Item-Level Multiple Imputation to Produce a Total Score for a Measure?

#1
Hi, all, a quick question regarding multiple imputation . . .

The multiple imputation examples I've seen appear to opearate at the scale/inferential level of analysis, i.e. using all measures' total scores to predict other total scores and using imputed scale-level predictions in inferential stats.

Is it possible to use multiple imputation at an item-level within a measure for a single case in order to produce a total score for that measure for that case? For example, if I have Case #222's BDI-II measure, and items 3, 6, & 11 are missing (assuming MAR), can I impute those missing items via multiple imputation and produce a total BDI-II score for Case #222?

Thank you very much,
 
#2
The one study I've seen which addresses the question (Gottschall, West, & Enders, 2012) found that item-level imputation is actually preferable to scale level in that it provides eventual estimates which are consistently more reliable. One thing I like that they don't mention in the article is the ability using SPSS's multiple imputation command to easily constrain the interval and rounding of your imputed values to fit those of the scale. That said, there are some considerations to keep in mind, particularly when determining how many other items you want to consider when imputing values. Too many relative to your sample size and you'll have some serious efficiency and accuracy problems.
 

Lazar

Phineas Packard
#3
It depends. Missing data models involve a trade-off between complexity of the missing data model, amount of missing data, and the amount and quality of information you have in general. There is thus no inprincipal reason why you could not impute at the item level and treat the items as ordered categorical (this is possible in SPSS) thus no rounding or censoring required. However, such a model is complex and under many conditions will not run. In such cases you may then have to treat the items as continious or move to scale scores (Im not a particular fan of rounding or censoring for measures that are later assumed to be continous).

The other option is to utalise a model based approach like full-information-maximum-liklihood estimation or a Bayes approach which will deal with missing data on the fly so to speak.
 
#4
Thanks a bunch - here's what I'm trying to figure out, specifically: I've run a multiple imputation procedure for the measure's items, and SPSS produces a file w/ 25 imputed datasets (I chose 25 imputations); my understanding (which could be wrong) is that each dataset is produced in light of the previously produced dataset, and that appropriate multiple imputation utilizes the pooled datasets in all analyses for maximum accuracy. I'm not seeking to analyze data yet, I'm seeking to produce a single total score for a single case's measure; after this score is produced I would, place it in the scale-level dataset and run the inferential analyses on that dataset. I've considered simply plugging in the item-values from the 25th imputation to produce the case's score for the measure, but I suspect this would be no more appropriate than a single imputation . . .?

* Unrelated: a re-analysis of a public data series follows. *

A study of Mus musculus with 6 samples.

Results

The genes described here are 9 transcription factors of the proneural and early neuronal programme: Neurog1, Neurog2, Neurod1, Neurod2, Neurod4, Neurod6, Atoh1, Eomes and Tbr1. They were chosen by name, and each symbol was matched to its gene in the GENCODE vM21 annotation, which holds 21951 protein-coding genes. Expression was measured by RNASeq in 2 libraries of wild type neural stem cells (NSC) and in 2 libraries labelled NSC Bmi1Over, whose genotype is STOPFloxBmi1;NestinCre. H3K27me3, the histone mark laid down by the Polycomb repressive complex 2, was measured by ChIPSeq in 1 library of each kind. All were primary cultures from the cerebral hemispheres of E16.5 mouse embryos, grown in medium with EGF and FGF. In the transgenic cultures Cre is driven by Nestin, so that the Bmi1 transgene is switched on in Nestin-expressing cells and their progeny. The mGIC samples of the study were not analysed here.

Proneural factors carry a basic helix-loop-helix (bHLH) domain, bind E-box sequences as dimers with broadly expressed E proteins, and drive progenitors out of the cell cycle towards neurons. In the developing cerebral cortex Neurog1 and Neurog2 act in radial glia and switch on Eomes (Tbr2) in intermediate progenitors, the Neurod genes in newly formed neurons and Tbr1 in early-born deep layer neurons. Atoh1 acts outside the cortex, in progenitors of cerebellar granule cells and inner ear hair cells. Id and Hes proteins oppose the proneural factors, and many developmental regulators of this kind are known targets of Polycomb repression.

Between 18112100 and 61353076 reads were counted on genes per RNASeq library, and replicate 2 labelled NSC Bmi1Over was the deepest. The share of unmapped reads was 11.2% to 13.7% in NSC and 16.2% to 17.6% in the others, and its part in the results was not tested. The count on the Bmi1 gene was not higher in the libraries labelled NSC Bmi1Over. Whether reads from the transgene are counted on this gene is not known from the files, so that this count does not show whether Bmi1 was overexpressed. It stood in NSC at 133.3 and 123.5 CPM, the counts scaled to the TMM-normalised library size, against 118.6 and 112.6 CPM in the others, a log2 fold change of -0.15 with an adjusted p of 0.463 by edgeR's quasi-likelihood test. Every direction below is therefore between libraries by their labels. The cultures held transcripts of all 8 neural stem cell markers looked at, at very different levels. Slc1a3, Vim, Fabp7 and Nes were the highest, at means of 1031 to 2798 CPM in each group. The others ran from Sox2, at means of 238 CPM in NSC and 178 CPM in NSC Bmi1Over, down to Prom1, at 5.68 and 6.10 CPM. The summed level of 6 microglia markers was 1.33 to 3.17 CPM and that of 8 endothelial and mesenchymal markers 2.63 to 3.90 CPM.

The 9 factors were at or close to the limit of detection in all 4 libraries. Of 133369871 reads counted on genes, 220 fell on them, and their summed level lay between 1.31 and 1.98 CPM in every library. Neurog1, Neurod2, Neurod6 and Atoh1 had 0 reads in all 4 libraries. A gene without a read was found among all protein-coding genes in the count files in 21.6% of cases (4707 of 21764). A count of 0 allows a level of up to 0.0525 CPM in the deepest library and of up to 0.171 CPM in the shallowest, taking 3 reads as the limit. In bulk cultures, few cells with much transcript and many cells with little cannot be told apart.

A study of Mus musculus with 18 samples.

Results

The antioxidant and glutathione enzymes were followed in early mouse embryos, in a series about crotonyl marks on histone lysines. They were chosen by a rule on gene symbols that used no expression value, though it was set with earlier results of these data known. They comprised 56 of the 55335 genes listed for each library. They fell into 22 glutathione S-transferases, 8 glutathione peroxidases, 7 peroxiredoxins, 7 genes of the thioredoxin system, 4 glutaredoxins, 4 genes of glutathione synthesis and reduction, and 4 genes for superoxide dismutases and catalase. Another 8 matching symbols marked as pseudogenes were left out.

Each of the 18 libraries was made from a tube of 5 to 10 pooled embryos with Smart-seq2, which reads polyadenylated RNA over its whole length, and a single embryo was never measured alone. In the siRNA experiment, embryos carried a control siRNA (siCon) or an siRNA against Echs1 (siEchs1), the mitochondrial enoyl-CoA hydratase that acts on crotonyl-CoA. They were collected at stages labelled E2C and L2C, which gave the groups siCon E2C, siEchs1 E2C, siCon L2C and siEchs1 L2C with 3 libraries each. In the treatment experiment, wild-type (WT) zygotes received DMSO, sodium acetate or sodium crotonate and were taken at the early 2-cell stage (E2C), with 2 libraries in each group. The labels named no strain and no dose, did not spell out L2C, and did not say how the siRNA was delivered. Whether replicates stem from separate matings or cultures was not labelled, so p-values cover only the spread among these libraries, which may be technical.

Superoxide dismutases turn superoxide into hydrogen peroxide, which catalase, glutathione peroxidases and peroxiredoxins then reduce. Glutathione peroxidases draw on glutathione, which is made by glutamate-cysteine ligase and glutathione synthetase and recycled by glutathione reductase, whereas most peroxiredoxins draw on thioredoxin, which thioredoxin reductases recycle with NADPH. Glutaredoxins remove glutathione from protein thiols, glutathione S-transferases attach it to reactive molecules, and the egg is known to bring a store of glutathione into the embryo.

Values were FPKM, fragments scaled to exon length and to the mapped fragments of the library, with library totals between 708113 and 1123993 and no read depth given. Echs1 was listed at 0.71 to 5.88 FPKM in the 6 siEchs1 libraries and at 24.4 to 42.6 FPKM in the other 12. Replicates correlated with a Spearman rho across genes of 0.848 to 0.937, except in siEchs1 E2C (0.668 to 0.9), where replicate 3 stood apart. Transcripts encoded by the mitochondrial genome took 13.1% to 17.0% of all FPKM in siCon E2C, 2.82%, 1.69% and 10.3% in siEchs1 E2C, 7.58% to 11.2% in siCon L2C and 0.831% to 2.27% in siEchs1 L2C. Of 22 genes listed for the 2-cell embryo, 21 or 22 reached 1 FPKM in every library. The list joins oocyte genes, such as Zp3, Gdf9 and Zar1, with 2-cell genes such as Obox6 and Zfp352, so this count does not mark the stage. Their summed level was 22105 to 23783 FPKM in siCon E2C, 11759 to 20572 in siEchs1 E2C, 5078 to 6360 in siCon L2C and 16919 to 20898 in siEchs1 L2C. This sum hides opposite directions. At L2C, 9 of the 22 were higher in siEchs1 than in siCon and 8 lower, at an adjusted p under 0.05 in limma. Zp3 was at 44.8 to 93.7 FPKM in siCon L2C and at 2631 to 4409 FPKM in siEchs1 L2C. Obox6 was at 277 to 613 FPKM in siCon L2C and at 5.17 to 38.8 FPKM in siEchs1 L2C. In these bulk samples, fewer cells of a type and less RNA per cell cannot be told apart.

Lazar

Phineas Packard
#6
Thanks a bunch - here's what I'm trying to figure out, specifically: I've run a multiple imputation procedure for the measure's items, and SPSS produces a file w/ 25 imputed datasets (I chose 25 imputations); my understanding (which could be wrong) is that each dataset is produced in light of the previously produced dataset, and that appropriate multiple imputation utilizes the pooled datasets in all analyses for maximum accuracy. I'm not seeking to analyze data yet, I'm seeking to produce a single total score for a single case's measure; after this score is produced I would, place it in the scale-level dataset and run the inferential analyses on that dataset. I've considered simply plugging in the item-values from the 25th imputation to produce the case's score for the measure, but I suspect this would be no more appropriate than a single imputation . . .?

Ok a few points:
1. I think 25 is excessive (particularly if you have only a little missing data that is MCAR. Five is more than enough.
2. Successive models are independent random draws from a distribution defined by the missing data model. WE do pool the results as follows. Point estiamtes are given by the average across the N datasets. Standard errors are given by the average of the N datasets plus the between imputation variance in the point estimates. The purpose of this is to incorporate into the standard errors the uncertainty that comes from imputing missing values. If your missing data model is effective SEs will be largely uneffected. If your missing data model is trying to cope with lots of missing data then SEs will be much larger.
3. If you imputed at the item level then you would create scales scores within each imputed dataset. Thus with 5 imputations you will need to produce 5 scales scores. Your reasoning is correct that taking a single scale score will be no better than a single imputation.

One minor points:
1. In SPSS their is an option to save the iterations (it is the last tab in MI). Do so! Then graph these iterations for the means and the SD of the items that have considerable missing data. The plot should look like a hairy catapillar with no strange values (extremely large or very small values) and no trend upward or downward.